Insurance agent remembered for ambition, business acumen and gospel singing

Insurance agent remembered for ambition, business acumen and gospel singing

Insurance agent remembered for ambition, business acumen and gospel singing The community of Toledo, Ohio is mourning the recent passing of an insurance agent known for his business acumen, impressive singing voice and general client care.

Robert L. Haskins, Sr., passed away Saturday in Arbors at Sylvania Care Facility at the age of 73.

Haskins had retired as a Prudential Insurance Company agent, who had taken the company by storm upon arriving in mid-1980. In just over one year, Haskins had more than $4 million sales credit.

He would go on to accrue more awards than his office walls could hold, his wife, Mary Haskins, told the Toledo Blade.

“He never liked to see anyone without insurance, because it was a harsh struggle,” she said. “He was a strong believer in family and family protection.”

Haskins came into the insurance industry after working production at Toledo Pickling and Steel Sales. Determined to go into business, he studied at the University of Toledo and eventually opened Haskins Furniture and Appliance Co.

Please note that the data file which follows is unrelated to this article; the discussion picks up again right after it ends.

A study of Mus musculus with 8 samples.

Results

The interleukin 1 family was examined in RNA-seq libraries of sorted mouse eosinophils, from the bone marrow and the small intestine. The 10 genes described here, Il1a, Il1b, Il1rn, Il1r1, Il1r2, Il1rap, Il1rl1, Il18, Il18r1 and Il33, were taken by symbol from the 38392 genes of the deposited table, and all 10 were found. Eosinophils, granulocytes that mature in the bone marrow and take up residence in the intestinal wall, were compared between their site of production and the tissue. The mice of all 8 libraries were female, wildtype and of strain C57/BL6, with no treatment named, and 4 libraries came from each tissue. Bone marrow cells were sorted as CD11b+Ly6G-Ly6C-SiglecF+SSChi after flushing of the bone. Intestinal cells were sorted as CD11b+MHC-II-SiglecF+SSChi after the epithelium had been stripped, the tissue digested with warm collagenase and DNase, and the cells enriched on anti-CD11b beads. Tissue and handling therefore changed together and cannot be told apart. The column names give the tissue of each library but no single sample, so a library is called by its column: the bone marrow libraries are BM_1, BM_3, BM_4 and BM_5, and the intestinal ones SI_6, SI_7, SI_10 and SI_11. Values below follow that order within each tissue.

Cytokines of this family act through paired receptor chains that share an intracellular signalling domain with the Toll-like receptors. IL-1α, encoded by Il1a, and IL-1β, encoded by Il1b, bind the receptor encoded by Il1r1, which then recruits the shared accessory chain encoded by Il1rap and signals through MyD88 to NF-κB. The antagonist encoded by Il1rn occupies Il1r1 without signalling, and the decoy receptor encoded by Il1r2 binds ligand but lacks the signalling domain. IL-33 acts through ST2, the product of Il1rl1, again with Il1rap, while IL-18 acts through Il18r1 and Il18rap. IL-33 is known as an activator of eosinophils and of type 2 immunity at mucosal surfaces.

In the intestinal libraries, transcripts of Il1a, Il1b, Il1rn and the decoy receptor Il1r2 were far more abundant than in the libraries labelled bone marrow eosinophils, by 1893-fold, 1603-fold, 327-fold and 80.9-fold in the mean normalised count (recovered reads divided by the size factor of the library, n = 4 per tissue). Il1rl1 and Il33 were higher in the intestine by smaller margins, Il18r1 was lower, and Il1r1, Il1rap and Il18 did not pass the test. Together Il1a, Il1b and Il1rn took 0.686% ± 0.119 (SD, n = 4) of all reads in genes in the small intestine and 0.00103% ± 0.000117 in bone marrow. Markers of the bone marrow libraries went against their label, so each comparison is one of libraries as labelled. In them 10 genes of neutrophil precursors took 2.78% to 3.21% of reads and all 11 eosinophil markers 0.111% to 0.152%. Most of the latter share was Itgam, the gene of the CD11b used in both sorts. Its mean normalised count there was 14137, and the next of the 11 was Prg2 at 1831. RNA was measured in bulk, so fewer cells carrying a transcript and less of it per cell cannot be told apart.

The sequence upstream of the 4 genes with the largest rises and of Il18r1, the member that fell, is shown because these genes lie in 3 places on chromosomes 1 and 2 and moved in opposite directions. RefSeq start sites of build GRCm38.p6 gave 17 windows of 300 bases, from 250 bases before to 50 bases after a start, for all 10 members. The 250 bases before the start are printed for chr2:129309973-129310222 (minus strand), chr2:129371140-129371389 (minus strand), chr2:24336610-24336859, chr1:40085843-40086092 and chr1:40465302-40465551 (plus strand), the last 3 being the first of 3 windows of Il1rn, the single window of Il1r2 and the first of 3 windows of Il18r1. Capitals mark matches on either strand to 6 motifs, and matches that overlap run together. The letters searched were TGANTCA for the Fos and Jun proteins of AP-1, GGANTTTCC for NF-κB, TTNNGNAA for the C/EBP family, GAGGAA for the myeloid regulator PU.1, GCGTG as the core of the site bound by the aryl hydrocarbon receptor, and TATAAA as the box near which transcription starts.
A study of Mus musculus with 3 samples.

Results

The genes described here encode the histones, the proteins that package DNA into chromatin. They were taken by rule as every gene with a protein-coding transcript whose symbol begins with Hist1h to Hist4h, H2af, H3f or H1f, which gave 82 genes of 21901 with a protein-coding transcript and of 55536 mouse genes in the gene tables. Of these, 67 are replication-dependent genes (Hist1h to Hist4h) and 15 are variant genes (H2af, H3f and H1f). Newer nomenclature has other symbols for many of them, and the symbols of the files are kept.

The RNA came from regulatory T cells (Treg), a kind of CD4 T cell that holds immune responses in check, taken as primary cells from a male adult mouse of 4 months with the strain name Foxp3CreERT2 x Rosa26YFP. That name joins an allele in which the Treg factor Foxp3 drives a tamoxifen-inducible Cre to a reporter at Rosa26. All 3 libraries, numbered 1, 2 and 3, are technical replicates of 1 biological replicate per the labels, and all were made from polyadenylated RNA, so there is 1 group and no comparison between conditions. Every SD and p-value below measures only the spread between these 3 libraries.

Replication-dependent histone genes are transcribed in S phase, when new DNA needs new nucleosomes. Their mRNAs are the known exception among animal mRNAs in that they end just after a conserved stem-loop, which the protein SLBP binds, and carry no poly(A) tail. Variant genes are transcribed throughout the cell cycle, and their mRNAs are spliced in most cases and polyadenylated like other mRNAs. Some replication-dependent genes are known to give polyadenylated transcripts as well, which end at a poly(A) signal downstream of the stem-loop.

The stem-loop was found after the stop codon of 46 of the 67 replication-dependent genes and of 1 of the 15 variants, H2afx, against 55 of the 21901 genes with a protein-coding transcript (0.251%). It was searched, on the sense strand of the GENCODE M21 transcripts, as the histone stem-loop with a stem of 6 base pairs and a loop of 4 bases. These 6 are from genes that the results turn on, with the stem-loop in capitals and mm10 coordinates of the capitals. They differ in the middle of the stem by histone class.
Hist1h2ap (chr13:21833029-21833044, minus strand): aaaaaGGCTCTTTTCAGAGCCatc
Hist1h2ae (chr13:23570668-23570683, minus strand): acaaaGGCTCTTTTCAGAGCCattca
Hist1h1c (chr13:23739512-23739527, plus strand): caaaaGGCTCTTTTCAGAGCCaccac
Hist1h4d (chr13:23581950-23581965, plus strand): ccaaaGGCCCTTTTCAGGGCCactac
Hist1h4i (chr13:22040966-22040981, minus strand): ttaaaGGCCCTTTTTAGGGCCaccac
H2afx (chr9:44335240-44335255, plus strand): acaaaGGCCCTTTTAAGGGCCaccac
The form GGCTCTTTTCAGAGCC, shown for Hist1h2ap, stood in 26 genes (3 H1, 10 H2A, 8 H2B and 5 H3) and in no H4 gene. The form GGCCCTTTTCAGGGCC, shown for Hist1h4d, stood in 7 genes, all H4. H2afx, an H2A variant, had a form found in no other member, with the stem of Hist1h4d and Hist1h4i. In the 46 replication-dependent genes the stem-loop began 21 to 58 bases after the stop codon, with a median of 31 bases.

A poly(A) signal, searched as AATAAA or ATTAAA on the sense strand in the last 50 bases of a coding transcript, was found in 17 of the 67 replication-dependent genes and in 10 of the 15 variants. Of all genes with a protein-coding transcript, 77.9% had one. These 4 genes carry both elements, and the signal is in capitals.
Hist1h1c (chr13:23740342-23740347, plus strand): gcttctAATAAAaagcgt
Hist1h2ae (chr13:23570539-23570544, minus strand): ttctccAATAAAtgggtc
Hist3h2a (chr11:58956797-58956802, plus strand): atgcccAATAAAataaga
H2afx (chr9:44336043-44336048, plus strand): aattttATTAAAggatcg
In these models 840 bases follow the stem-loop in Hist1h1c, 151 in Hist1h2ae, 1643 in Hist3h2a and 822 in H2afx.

Mary said she always knew Haskins would be a success.

“You could tell the way he walked and the way he talked, his whole demeanor,” she recalled. “He was a natural-born businessman.”

Part of that had to with his ability to communicate, and it would later come to serve him as he embarked on his career as an insurance agent.

“He had a gift of gab,” said Ezell Buchanan, Haskins’ half-brother. “He didn’t mind meeting anyone. He could sit there and listen to you and try to put you on the right path.”

Haskins was also a prominent figure in the community. He served as president of the Minority Business Association of Toledo for a time, and took part in gospel music quartets and choirs, often singing lead. He enjoyed professional wrestling and liked to bowl and travel.

“He was a very kind, very laid back, very observant person and always thought the best of everyone,” his wife told the Blade. “If we had a million dollars, it wouldn’t last very long, because he would give it away.”